Doomsday clock moved up

Board members of the Bulletin of the Atomic Scientists met recently to make a prediction. Their subject? The end of the world.

The board — comprised of renowned physicists, environmental scientists and experts of national and global security — meets twice a year to determine how near we are as a human species to destroying ourselves, a factor they communicate through the Doomsday Clock. The clock reads like a countdown: the closer the clock is to midnight, the closer we are to the end of society as we know it. And right now, the clock stands at two minutes and thirty seconds to midnight.

Though the name itself connotes borderline sensationalism, the Doomsday Clock is an internationally-recognized design calculated and discussed by a highly-accomplished team of scientists, the words of which have been taken seriously since the clock’s inception in 1947.

Originally, the clock primarily conveyed the risk of a nuclear apocalypse. Today, the clock has grown to include other factors threatening the end of our species, namely advancements in weaponry, cyber technology and climate change. Since 1947, the clock’s display has varied from two minutes in 1953 with the development of the hydrogen bomb to seventeen minutes during a period of post-Cold War peace.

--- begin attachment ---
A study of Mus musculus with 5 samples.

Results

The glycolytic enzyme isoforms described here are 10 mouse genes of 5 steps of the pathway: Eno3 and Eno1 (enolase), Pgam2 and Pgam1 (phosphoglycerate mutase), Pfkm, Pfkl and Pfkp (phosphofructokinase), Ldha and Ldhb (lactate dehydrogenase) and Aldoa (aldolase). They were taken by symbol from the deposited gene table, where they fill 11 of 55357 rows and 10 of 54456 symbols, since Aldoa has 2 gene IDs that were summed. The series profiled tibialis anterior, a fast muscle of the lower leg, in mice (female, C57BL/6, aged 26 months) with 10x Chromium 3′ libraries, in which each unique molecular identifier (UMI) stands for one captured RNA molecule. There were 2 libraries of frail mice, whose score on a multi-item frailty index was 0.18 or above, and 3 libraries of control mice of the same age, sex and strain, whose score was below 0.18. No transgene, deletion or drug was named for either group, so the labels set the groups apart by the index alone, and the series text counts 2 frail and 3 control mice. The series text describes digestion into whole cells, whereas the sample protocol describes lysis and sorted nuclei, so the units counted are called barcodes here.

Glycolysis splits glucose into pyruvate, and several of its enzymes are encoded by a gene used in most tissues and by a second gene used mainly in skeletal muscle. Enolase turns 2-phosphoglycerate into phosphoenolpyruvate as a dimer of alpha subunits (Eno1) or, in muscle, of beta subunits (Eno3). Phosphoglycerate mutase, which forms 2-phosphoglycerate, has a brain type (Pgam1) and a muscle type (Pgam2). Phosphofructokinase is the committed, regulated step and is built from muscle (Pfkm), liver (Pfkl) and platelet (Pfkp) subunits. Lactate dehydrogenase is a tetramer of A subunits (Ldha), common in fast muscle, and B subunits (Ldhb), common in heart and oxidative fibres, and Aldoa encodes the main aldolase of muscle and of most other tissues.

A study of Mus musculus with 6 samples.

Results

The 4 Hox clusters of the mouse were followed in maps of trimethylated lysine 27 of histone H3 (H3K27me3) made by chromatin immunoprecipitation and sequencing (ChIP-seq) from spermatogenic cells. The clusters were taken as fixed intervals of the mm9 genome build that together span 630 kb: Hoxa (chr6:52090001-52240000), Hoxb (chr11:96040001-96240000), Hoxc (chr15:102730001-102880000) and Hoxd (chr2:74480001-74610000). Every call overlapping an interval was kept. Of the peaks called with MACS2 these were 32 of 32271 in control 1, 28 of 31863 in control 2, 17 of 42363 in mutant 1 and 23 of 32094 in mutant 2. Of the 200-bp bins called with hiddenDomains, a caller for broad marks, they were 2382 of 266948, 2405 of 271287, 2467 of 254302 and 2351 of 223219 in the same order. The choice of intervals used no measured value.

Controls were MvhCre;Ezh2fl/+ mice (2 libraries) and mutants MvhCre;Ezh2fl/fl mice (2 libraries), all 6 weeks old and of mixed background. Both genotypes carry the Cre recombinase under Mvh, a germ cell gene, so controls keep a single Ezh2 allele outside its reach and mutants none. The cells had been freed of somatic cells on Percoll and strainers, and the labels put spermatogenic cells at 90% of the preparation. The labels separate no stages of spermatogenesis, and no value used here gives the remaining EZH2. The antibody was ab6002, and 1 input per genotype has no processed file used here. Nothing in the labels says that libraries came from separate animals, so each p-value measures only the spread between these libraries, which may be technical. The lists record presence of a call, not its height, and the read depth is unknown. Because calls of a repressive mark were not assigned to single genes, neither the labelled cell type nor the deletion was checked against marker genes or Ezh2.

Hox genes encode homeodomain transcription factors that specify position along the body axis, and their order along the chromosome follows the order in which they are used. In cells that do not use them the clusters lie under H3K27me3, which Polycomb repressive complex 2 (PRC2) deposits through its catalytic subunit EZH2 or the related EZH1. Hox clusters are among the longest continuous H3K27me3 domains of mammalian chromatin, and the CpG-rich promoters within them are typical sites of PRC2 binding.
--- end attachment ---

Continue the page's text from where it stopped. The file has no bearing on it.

Yet the clock’s most recent tick — from three minutes to two and a half minutes from midnight — was not prompted by a startling advancement in science per se, but a shift in rhetoric. In an op-ed for the New York Times, two of the board’s scientists, climate scientist David Titley and theoretical physicist Lawrence Krauss, expounded on President Trump’s current trajectory pertaining to nuclear developments and deregulation of fossil fuel pursuits.

“Never before has the bulletin decided to advance the clock largely because of the statements of a single person. But when that person is the new president of the United States, his words matter,” they wrote.

The time change made last Thursday might be startling, but the board hopes that the countdown stands as a reminder of our unity as a species and a need to protect us from ourselves.

In an interview after the announcement, the executive director and publisher of the bulletin, Rachel Bronson, stated that “rather than [creating] panic, we’re hoping that this drives action.”

For some, the thought of an impending apocalypse provokes a sense of survivalism — underground bunkers, space travel and excessive canned beans. A recent New Yorker article (http://www.newyorker.com/magazine/2017/01/30/doomsday-prep-for-the-super-rich)  elaborates on how some of the richest in our society have already been preparing for this sort of scenario, generating complications with survival and class status, a future where only the rich might survive.

However, for some communities that are already self-sustaining and relatively off-the-grid, the solution to global turmoil lies not in stockpiling food and weapons but in practicing sustainable farming and forestry. By maintaining their forests and farming all they need to eat, Karen communities in Northern Thailand are prepared for whatever changes may happen to the global economy.

“When all our global relations go berserk, the Karen are going to be fine,” said Jeffrey Rutherford, agriculture professor at the International Sustainable Development Studies Institute. “They’ve been farming in the forest for hundreds of years, and their jungles still have plenty of wildlife and trees.”

With midnight approaching, maybe it’s time to consider this question: bunker or jungle?